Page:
Earlier this month, Capcom were hacked by a ransomware attack. They’ve now announced that personal information of customers, employees, and shareholders has been potentially compromised, but not credit card information. So far, what’s being revealed by the attackers seems centered on information about upcoming and unannounced games including a release window for Resident Evil Village and a PC version of Monster Hunter Rise.

Capcom have released a statement today explaining the attack and timeline of events. They say that after the attack they received a message demanding ransom money from a group called Ragnar Locker, which Capcom reported to Osaka Prefectural Police. Confidential corporate information was among the compromised data, which is of course the bit that’s begun floating around online. Multiple Twitter users have begun aggregating information that’s been revealed so far.

Resident Evil Village is believed to be targeting an April 2021 launch window. An online portion of Village codenamed “Dominion” is also mentioned. Monster Hunter Rise, which is currently only confirmed for the Nintendo Switch, will reportedly be getting a PC release. There are also details about a new project codenamed “Shield”, a PvP shooter for which Capcom are apparently hoping to release a demo version in September 2021.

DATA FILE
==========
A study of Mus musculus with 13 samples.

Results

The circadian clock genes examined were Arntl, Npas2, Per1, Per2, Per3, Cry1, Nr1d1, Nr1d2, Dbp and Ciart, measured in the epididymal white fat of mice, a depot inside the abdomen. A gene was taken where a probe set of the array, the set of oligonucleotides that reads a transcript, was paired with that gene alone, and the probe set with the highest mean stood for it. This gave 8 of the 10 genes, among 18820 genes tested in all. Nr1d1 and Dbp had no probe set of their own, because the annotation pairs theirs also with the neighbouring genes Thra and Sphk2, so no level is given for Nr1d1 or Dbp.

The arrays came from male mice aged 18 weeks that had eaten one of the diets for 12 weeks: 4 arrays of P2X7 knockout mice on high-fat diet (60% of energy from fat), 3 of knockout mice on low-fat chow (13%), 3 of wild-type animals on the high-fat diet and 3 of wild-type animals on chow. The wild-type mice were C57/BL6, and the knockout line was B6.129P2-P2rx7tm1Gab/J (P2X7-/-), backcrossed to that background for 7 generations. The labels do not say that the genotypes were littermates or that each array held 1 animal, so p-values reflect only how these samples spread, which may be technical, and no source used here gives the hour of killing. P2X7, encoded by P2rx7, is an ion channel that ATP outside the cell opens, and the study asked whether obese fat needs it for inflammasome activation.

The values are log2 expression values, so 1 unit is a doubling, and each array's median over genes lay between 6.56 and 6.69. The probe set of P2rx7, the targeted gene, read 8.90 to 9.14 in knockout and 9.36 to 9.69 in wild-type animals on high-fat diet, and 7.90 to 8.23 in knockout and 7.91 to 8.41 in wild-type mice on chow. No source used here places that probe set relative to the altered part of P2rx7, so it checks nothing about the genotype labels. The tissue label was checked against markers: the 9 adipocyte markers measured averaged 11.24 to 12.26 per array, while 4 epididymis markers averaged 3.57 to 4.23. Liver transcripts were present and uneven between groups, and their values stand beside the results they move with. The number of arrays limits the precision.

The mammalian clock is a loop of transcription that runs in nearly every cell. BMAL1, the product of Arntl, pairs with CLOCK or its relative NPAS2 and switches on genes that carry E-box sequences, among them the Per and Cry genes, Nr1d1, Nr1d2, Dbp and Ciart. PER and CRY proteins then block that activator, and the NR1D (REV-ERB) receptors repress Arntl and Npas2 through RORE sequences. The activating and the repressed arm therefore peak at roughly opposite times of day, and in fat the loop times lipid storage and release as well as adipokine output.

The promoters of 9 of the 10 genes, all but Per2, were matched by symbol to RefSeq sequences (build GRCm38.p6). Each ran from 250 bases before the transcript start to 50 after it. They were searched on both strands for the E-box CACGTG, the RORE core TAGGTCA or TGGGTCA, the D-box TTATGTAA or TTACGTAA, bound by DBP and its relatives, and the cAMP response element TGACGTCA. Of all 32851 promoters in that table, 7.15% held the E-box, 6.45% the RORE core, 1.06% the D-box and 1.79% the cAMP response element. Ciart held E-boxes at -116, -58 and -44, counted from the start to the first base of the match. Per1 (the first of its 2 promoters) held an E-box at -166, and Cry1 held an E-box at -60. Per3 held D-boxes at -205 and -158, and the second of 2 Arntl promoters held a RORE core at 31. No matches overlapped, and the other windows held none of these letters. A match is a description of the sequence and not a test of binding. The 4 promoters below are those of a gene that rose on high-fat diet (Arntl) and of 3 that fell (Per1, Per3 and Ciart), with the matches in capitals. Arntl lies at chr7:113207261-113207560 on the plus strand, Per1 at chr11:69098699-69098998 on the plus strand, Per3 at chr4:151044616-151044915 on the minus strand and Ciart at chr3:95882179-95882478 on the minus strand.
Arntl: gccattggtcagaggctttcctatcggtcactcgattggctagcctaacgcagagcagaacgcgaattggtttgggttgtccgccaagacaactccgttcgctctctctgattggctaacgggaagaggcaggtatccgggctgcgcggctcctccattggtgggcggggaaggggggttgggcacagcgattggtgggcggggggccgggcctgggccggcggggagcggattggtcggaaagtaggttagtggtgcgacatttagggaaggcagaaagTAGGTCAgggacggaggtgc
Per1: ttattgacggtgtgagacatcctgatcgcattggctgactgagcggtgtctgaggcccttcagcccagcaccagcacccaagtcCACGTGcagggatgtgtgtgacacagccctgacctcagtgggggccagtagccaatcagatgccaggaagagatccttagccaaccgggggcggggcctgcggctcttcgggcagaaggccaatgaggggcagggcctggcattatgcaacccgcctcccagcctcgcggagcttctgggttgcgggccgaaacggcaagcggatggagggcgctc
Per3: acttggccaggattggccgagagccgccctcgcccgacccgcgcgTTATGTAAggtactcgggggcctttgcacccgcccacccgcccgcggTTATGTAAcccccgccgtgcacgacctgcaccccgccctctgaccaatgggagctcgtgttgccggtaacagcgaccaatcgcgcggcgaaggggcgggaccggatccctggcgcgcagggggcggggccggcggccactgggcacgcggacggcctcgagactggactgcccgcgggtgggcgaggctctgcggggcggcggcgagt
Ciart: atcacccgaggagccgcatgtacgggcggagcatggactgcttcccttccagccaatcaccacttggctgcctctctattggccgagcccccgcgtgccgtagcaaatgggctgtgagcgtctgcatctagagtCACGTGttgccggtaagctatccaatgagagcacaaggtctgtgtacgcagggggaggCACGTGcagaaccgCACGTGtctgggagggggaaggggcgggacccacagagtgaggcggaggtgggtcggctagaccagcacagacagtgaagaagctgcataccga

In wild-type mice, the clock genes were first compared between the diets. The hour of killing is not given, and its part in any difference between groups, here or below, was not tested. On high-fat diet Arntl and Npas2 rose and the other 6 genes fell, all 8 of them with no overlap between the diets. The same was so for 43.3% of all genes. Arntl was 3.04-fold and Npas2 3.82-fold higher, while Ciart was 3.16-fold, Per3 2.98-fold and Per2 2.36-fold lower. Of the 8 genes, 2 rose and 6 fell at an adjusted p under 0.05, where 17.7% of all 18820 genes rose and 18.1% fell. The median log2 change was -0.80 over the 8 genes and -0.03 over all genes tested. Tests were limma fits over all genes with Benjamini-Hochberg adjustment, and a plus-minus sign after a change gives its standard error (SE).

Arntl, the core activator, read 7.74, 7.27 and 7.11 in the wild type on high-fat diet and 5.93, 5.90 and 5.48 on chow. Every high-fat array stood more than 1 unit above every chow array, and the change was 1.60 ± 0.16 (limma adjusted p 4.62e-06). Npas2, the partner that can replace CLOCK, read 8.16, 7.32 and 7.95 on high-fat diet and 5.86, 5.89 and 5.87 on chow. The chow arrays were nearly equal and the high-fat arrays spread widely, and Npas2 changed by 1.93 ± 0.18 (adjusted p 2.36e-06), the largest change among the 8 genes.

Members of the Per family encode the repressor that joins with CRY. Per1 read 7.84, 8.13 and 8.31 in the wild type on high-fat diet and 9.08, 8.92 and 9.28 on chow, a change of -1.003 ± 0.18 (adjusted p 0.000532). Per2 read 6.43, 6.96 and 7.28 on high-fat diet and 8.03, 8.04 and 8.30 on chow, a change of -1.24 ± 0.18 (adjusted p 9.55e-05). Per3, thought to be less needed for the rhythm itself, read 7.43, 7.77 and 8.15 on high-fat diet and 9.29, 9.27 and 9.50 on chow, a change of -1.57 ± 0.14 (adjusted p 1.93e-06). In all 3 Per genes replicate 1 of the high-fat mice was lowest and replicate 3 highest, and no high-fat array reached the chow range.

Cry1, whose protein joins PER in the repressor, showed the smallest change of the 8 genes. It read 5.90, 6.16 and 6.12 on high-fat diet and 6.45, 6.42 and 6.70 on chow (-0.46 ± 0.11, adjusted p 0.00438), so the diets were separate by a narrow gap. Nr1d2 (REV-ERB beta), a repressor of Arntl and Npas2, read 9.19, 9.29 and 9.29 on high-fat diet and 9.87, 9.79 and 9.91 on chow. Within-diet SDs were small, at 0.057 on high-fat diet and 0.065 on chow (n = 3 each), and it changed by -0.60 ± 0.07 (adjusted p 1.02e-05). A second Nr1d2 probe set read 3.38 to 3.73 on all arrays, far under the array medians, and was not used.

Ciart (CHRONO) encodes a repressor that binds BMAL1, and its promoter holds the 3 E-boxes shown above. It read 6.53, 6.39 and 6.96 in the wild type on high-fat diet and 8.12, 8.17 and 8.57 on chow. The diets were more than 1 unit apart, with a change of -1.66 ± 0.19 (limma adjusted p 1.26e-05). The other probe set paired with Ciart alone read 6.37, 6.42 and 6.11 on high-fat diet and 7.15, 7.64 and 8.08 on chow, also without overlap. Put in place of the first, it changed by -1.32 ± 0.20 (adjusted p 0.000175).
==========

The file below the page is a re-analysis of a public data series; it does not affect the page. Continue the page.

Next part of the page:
Even if this is all true and accurate—and this is leaked information so that’s not guaranteed—I wouldn’t set your hearts on any of those dates. Game delays are still being announced quite frequently due to Covid-19, as we all well know.

Also in the report, Capcom explain which personal information has been potentially compromised in the attack. Names, birthdates, email addresses and physical addresses are on the list of potentially compromised information for customers, former employees, shareholders, and others. They reiterate that credit card information was not compromised as they do not retain that information internally and all transactions are handled by a third-party provider.

“Capcom will continue its investigation, beginning with contacting those individuals and other stakeholders whose information it has verified as having been compromised, while continuing to look into what other information was potentially taken,” they say. “Capcom is in discussions with external security experts. It plans to newly establish an advisory board regarding system security working towards preventing any reoccurrence,” they say.

Leaks about game releases are a guilty thrill, but here’s hoping sensitive information about customers and employees remains under wraps.